One-vote majority decided many groups’ fees funding

Jens Krogstad

One vote decided nearly half of the fees committee’s final recommendations, according to its report.

Of the 35 student groups that applied for fees, a single vote decided the funding recommendations for 14 of them.

The close votes are a large increase over last year’s committee recommendations, when a single vote decided one group’s funding.

A number of initial cuts were overturned, some of which student groups fees committee chairman Lindsay Brown criticized.

Brown specifically questioned the committee’s decisions to increase funding for two child-care centers and the Graduate and Professional Student Assembly.

“The fees committee recommended $2 million more than last year,” Brown said. “That rate is unsustainable.”

The committee’s majority rationale for funding the Community Child Care Center and Como Community Child Care stated that each organization provides programs that include all students and provides a valuable service to the University.

GAPSA received a recommendation of $450,000 after an initial $312,000 recommendation.

The committee voted 6-4 with one abstention, and the majority wrote the increase will help establish a travel grants program.

Two groups that received no money were decided on a 6-5 vote.

The committee cut The Wake student magazine from $59,850 to $0.

The majority rationale described The Wake’s performance as “too poor to justify another year of funding.”

It said the magazine failed to meet its mission to “create a site of community, creativity and discourse on campus” because it did not cover cultural and student events on campus.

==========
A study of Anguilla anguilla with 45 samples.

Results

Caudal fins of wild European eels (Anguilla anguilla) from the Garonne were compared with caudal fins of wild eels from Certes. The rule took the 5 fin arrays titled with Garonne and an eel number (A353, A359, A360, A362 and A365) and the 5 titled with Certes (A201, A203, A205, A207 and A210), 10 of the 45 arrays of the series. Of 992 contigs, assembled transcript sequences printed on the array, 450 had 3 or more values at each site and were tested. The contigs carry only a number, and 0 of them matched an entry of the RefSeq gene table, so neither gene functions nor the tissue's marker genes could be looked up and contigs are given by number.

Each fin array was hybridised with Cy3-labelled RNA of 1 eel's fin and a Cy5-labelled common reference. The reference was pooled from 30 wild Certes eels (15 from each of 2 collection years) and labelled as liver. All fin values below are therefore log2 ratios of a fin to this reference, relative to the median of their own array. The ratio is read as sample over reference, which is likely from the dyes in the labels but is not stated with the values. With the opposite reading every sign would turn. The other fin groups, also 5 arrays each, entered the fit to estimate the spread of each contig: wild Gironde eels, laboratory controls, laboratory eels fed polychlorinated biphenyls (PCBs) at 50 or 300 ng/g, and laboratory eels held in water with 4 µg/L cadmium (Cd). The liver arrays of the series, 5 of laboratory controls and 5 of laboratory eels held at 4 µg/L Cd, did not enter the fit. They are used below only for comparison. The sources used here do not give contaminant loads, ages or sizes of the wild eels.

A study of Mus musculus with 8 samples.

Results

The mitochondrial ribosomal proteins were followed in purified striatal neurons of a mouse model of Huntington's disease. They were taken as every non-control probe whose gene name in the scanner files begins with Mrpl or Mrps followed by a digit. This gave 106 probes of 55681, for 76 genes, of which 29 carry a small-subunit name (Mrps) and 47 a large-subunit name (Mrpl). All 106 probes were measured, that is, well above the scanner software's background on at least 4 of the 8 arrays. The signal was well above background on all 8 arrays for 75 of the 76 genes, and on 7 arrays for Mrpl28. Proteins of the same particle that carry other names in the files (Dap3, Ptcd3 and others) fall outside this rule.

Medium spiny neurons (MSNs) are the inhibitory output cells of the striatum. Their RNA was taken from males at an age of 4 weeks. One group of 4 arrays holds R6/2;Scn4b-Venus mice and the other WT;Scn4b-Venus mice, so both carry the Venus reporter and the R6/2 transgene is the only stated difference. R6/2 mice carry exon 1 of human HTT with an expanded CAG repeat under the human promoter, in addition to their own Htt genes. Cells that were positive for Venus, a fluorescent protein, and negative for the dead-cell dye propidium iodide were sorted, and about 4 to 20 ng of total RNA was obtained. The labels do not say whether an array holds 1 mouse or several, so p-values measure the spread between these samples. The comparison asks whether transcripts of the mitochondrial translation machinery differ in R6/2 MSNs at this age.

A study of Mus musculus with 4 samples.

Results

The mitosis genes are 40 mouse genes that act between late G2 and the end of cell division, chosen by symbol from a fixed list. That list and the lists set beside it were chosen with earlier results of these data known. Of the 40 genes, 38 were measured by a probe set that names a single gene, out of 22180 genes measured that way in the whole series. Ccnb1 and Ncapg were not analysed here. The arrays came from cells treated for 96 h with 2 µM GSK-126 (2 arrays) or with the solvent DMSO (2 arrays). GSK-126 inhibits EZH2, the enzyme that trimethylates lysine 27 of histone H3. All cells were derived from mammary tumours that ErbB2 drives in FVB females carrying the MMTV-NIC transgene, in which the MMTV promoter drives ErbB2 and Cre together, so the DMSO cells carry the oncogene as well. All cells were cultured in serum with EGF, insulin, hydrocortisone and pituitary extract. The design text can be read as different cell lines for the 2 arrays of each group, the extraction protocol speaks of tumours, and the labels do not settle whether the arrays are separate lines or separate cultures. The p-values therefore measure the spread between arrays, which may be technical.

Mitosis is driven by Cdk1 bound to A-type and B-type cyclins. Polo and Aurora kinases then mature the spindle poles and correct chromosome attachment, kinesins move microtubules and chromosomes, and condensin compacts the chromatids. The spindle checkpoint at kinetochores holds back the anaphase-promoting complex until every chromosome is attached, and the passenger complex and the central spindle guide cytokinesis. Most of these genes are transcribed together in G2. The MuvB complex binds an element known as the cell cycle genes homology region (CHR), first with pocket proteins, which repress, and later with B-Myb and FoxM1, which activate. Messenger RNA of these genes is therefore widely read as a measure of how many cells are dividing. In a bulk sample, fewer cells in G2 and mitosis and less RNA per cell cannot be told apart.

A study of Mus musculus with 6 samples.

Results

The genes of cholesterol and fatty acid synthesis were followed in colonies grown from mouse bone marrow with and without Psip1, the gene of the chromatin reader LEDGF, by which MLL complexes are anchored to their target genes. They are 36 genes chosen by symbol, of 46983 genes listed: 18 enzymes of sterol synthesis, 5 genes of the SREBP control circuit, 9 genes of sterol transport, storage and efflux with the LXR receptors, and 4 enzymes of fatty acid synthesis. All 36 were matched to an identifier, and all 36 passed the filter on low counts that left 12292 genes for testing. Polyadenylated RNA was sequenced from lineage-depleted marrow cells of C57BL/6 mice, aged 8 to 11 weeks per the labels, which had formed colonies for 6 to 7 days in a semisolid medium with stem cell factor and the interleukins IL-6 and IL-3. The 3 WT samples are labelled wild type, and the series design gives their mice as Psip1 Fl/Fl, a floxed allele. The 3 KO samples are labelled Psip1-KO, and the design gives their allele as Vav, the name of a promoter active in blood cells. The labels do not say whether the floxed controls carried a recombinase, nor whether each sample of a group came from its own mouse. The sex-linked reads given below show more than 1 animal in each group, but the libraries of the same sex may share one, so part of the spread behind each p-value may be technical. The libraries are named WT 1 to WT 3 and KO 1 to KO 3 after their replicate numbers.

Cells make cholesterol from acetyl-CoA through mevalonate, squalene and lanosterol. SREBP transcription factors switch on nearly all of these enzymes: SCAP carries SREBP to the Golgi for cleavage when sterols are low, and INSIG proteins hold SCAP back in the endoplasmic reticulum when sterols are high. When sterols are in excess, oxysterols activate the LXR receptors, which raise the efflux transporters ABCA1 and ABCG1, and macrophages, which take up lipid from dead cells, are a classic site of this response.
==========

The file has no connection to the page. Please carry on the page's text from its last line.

The minority rationale stated The Wake should not receive its full funding request of $120,000, but deserves to be funded at current levels.

The committee also recommended $0 for the Friendship Association of Chinese Students and Scholars after the group received $10,000 last year.

The majority reasoned because the group is a “nationality group,” it should fall under the umbrella of the Minnesota International Student Association.

Minnesota International Student Association President Sulieman Nader said the friendship association, which requested $12,000, will not receive the funding it needs because of the cut.

“We have $20,000 in culture grants, and that is for 15-plus groups. You do the math,” he said.

The committee significantly cut the Disabled Student Cultural Center’s funding recommendation with a 6-5 vote and one abstention. Brown cast the additional vote.

The majority rationale questioned the $11,000 in reserves the group amassed. It called the group’s decision to employ their executive members as student staff “unethical.”